Snow Survey Supervisor



Employment History

Snow Survey Supervisor

Natural Resources Conservation Service

Snow Survey Supervisor

U.S. Department of Agriculture


U.S. Department of Agriculture

Data Collection Officer

U.S. Department of Agriculture


Utah Snow Survey

Snow Survey Supervisor

U.S. Natural Resources Conservation Service

Snow Survey Supervisor




Snow Survey Supervisor




Snow Survey Specialist


Web References (196 Total References)

"When we take a look a ... [cached]

"When we take a look a snowpack, the vast majority of areas started off poorly and went downhill from there," said Randy Julander, snow survey supervisor for the Natural Resources Conservation Service in Salt Lake City. "People ask about these current storms. Every drop counts and we count every drop. But it's a case of too little too late."

Currently, the Colorado River is running into Lake Powell, the river system's upstream reservoir, at about 45 percent of its historic average, Julander told Rocky Mountain PBS I-News.
"That's ugly with a capital UG," said Julander.
Speaking of West-wide conditions, Julander told The Review-Journal, "There just isn't any snowpack to melt.

STEM-Works - Cool Jobs [cached]

For Randy Julander, a Snow Survey Supervisor for the US Department of Agriculture, snow is a dream job.

2013 September : Getting to 2100 [cached]

Randall Julander, a U.S. Department of Agriculture hydrologist, summed the situation up best. "Slight improvement in the Colorado basin water supply is like expecting a road-killed jackrabbit to feed a whole pack of hungry coyotes. It's not nearly enough to go around," he said.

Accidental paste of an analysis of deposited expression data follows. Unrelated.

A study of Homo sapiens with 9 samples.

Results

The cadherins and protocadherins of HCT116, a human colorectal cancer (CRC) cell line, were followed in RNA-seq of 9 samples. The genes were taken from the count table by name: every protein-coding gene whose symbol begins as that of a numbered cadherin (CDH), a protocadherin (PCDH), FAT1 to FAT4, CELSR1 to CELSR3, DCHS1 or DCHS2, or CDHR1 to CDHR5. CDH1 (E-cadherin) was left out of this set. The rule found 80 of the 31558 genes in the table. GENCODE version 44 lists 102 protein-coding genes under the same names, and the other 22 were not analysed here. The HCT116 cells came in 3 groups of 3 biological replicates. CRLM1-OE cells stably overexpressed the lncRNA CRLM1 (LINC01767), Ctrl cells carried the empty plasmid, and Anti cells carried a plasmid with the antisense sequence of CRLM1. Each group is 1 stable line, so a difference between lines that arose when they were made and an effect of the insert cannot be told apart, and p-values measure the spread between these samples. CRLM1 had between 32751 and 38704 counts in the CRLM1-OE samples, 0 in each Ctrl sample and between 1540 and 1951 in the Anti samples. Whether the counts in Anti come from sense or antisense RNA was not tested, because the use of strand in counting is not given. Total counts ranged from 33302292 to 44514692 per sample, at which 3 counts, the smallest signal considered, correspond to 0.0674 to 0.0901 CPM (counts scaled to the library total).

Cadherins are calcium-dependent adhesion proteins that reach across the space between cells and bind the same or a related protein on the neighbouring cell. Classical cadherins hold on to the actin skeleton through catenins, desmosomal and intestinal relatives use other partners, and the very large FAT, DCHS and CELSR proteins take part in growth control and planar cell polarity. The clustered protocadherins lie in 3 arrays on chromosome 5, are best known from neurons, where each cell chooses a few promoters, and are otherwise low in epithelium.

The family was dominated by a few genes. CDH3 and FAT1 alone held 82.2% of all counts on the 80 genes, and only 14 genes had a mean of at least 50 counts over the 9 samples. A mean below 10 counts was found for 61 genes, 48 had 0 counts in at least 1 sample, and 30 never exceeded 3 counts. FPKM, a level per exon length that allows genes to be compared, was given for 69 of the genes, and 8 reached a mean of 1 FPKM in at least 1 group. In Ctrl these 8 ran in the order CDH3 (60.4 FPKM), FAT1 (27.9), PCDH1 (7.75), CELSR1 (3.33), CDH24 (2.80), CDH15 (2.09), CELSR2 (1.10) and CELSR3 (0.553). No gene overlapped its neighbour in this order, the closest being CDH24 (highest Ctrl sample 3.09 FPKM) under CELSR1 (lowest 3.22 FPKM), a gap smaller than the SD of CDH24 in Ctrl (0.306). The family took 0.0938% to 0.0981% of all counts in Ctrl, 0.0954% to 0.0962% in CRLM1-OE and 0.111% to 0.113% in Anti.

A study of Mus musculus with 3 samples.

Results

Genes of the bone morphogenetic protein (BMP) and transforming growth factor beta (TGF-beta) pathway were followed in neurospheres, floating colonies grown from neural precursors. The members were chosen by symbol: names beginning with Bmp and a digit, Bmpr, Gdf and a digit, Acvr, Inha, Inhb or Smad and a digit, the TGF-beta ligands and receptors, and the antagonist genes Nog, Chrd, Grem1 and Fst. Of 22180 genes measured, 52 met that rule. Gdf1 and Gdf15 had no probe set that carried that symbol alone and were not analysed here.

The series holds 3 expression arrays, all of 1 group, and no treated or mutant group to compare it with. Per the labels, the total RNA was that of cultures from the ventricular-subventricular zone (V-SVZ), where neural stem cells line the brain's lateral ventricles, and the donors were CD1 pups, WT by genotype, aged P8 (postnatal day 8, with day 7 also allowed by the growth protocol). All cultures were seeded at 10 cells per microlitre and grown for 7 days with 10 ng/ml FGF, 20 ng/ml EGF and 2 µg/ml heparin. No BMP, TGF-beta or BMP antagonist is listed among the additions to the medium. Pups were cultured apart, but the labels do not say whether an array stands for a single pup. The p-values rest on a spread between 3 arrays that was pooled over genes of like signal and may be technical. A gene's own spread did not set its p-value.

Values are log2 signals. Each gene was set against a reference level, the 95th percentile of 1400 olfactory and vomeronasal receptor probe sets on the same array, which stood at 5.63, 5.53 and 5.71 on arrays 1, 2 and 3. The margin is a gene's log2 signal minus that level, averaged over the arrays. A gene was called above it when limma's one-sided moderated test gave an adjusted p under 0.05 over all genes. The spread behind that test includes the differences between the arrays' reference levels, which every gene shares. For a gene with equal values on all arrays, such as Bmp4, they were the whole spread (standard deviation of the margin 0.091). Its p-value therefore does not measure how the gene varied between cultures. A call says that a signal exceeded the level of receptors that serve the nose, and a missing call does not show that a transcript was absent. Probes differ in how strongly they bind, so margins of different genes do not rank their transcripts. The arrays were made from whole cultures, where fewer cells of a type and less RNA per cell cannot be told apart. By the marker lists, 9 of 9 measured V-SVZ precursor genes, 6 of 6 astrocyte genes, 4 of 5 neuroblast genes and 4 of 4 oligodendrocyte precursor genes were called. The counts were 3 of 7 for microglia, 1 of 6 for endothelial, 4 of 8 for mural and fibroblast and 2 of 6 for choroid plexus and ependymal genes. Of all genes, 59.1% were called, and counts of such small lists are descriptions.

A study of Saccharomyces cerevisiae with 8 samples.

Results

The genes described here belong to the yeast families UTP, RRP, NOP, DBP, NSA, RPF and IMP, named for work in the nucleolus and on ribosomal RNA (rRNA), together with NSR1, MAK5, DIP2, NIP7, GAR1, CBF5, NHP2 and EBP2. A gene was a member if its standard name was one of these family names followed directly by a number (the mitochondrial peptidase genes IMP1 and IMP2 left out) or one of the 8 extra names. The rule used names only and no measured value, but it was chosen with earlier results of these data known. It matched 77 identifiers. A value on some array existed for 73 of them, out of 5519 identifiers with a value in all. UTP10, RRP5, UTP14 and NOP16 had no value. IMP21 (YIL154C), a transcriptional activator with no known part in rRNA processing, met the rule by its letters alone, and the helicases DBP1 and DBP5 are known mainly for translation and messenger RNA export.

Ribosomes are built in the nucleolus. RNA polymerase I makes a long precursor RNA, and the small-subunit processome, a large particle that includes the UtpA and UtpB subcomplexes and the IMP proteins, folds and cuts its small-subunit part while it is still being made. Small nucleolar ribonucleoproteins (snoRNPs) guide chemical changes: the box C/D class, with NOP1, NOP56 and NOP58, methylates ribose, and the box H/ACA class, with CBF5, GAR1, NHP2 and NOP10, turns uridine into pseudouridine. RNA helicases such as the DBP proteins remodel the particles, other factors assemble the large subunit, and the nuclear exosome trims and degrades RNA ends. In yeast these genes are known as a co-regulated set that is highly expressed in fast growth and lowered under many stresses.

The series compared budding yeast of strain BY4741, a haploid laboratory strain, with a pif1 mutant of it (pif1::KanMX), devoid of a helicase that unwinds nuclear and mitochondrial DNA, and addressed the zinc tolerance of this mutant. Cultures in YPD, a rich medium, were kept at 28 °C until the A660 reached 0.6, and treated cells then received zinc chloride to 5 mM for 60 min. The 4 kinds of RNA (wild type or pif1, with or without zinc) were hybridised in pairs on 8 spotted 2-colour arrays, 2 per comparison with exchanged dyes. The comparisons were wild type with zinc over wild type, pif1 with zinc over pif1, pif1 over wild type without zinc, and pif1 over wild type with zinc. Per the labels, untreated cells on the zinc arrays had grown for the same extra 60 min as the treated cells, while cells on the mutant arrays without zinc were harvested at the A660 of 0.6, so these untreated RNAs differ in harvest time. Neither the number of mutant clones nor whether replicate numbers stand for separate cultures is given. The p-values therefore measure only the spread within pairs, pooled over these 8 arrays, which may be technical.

"Current runoff for points with ... [cached]

"Current runoff for points with unregulated flow remains well below average for most of central and all of southern Utah," summarized Randy Julander, supervisor of the Utah Snow Survey and a primary preparer of the report. In northern Utah, flow is "near normal."

Statewide, stream flow readings as of July 1 were at 48 percent of normal; not great, to be sure, but markedly better than the 8 percent of normal reported this time last year.
While soil moisture in southern Utah is "very dry," northern Utah is at or near normal levels, Julander noted.
However, "Reservoir storage is declining, currently at 66 percent of capacity across the state, down 5 percent from last month and 4 percent less than last year," he stated.

"It goes along with the saying ... [cached]

"It goes along with the saying that 'every dog gets his day' sooner or later," said Randy Julander, Utah's snow survey supervisor for the U.S. Natural Resources Conservation Service.

Julander's office forecasts wetter-than-average conditions this month as well, which is a boon for the region's reservoirs. Rain water percolates into the ground and doesn't flow into streams or other water bodies. But more rain means less irrigation for lawns, gardens and fields, leaving more water storage for next year.
"Streamflow still isn't great," Julander said, "but if we don't use a lot of water because of rainfall, so much the better."
"Right now, we do have an El NiƱo pattern going," Julander said. "How long that goes and how it intensifies might say something about the coming winter."
Typically, El Nino means Southern Utah has a higher than normal chance of a really good snowpack, Julander said. Northern Utah is trickier to predict.
"(It's) on the border," Julander said. "Some years it goes big, other years it doesn't."
One thing does remain certain - conserving water now means there will be more next summer, especially with the region's variable snowpack.
"When it rains, turn your sprinklers off," Julander said.